Who calls the shots in Kansas City?
It’s a time-honored question that’s tough to answer.
Kansas City has thrived at times because lots of people got involved in making the right decisions. For example, it took strong leadership at the grassroots level to pass the taxes to finance the downtown streetcar system. But it also required heavy lifting by Mayor Sly James and other politicians to get that far.
At other times, the city has faltered because having lots of people involved left no one in charge. That’s been all-too-true in Kansas City’s many failed attempts to approve light-rail plans.
Here’s a look at some of those who tackle what they think are crucial priorities, not always successfully.
• The Civic Council of Greater Kansas City.
It’s comfortable to fall back on the notion that the area’s mostly male, mostly white top business leaders who seem to have been in power forever call the shots on many causes.
But can you say “translational research?”
Voters late last year overwhelmingly defeated a sales tax — pushed hard by the Civic Council — to finance medical research in Jackson County. Among the tax’s many problems: The project had been put together out of public sight, with no real involvement by elected officials or community groups.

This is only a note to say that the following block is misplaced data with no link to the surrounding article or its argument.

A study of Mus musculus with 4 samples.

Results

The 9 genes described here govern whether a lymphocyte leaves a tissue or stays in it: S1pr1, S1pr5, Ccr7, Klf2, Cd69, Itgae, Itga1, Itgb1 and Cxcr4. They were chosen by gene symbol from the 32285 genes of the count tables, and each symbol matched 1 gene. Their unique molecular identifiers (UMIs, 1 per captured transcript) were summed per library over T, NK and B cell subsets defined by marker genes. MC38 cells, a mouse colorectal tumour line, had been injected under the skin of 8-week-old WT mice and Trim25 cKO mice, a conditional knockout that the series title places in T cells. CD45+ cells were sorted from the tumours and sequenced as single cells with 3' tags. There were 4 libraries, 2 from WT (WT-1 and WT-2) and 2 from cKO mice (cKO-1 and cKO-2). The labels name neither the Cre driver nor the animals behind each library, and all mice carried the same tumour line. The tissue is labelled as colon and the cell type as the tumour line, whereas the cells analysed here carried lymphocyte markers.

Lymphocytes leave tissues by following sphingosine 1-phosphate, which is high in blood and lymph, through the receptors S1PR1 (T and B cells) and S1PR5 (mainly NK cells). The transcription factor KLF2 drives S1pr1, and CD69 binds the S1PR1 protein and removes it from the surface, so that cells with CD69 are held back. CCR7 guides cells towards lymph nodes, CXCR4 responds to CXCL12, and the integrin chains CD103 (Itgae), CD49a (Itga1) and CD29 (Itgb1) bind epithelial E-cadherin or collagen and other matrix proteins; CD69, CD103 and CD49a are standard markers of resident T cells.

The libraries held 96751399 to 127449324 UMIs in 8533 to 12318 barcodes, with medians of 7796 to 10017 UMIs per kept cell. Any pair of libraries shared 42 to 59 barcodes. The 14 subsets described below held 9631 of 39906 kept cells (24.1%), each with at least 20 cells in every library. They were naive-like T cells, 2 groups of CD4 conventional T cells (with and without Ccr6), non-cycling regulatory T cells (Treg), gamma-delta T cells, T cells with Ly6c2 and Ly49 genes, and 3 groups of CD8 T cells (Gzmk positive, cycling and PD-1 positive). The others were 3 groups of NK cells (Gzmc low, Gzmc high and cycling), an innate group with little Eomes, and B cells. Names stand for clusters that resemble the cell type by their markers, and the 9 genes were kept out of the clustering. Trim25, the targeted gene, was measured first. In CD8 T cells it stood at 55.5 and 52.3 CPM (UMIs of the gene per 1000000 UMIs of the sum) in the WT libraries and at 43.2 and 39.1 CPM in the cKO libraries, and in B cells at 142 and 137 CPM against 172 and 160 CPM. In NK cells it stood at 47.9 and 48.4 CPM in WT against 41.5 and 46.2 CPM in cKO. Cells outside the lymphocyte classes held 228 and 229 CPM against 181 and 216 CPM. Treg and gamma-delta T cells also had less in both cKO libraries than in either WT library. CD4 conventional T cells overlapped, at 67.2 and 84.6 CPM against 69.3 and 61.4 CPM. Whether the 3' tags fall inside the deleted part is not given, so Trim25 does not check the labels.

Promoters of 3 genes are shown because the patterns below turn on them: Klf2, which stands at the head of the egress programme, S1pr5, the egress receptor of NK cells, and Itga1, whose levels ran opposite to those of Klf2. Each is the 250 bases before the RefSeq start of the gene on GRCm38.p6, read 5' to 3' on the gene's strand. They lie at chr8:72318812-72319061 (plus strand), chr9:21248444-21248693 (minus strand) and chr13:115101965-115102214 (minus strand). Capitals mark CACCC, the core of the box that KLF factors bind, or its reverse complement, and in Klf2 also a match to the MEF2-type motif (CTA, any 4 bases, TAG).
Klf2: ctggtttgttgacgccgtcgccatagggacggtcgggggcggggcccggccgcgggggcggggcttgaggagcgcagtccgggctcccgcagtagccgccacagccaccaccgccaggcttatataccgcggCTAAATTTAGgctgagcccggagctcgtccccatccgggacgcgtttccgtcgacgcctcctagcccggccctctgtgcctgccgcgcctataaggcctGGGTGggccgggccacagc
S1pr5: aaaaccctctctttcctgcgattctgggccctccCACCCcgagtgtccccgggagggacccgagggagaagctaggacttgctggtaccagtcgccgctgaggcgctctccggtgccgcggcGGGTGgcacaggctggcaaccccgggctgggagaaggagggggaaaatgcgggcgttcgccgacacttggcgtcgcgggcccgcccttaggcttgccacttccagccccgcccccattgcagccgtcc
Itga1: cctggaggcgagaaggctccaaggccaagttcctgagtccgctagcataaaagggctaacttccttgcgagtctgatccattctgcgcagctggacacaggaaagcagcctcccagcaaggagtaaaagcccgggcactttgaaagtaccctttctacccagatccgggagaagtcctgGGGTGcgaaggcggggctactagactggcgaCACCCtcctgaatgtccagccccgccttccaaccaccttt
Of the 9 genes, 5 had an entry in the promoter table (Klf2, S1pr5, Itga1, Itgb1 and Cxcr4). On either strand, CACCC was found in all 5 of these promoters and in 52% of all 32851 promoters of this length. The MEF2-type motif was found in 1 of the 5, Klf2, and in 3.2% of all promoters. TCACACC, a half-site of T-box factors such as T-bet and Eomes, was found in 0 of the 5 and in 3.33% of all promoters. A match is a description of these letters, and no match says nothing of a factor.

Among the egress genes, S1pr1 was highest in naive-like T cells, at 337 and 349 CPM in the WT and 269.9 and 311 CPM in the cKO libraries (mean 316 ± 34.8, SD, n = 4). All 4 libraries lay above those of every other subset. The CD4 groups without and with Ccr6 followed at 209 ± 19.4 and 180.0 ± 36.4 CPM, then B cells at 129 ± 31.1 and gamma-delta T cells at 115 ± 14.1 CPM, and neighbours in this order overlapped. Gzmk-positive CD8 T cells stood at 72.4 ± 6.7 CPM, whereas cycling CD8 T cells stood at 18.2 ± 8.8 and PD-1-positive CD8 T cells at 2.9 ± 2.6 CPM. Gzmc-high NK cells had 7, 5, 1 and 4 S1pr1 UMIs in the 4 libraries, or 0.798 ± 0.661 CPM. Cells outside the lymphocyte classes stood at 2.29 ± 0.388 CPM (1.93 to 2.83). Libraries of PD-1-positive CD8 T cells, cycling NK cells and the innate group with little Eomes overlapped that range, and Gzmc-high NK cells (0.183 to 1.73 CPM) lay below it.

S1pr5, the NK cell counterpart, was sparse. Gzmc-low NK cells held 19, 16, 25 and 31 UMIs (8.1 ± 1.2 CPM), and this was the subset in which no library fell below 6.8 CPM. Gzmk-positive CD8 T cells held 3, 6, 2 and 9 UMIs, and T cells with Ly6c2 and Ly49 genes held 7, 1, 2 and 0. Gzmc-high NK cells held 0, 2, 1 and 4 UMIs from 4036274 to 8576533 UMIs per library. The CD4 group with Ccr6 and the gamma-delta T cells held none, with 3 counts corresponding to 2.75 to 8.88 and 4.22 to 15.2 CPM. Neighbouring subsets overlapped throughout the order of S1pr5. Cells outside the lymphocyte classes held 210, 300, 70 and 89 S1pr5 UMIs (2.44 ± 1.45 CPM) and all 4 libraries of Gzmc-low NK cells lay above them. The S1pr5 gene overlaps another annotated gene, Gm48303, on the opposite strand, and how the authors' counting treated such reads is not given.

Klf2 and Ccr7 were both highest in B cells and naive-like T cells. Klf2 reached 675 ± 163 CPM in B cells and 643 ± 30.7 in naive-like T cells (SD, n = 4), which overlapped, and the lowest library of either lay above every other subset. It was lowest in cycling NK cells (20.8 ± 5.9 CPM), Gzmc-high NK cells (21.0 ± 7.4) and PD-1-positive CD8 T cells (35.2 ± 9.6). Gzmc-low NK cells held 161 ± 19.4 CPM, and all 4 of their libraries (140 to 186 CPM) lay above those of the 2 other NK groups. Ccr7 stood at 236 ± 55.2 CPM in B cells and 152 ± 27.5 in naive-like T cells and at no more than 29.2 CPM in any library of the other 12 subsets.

Yet the Civic Council is also responsible for one of the best things that happened to Kansas City in the first decade of this century. The group financed the Sasaki plan, an ambitious set of proposals to remake downtown, especially by focusing attention on the importance of adding thousands of residents.
• The Greater Kansas City Chamber of Commerce.
To see the limits of its powers, just look at the recent medical research tax that it also very publicly backed. In fact, translational research is one of the Big 5, the chamber’s worthy effort to create jobs and improve the quality of life for Kansas Citians. Another Big 5 goal — to hold a worldwide animal health symposium — was dropped last year with a lukewarm “mission accomplished” message that the area’s successes in this field already were enough.
However, the chamber’s involvement in many other issues has kept up the pressure to make good things happen. Another Big 5 goal of reviving urban neighborhoods could pay off in the long run with the right kind of corporate muscle behind it.
• Mayors and City Council members.
Politicians have the authority to set priorities, approve big budgets and pursue lots of other lofty goals for the city.
Yet all mayors and council members have tasted defeat on efforts they backed. Every day, plenty of elected officials find the limits of their powers.
On the other side of the ledger, mayors especially have provided strong leadership when Kansas City needed it. Highlights include Kay Barnes’ efforts to remake downtown and James’ involvement in positive outcomes for streetcars and a new sales tax for better roads and parks.
Let’s not forget the most powerful people at the end of the day — the ones who approved streetcars, defeated light rail, killed the translational tax, endorsed the roads and parks tax, and have had the ultimate say on dozens of other good (and bad) ideas on local ballots.
But even with all that power, voters can only control so much. They are the ones who count on the Civic Council, the chamber, the elected officials and others to bring reasonable plans to them.
In other words, it really does take a lot of people working toward common goals to get good things done.
It’s a recipe for success that requires plenty of practice to get right.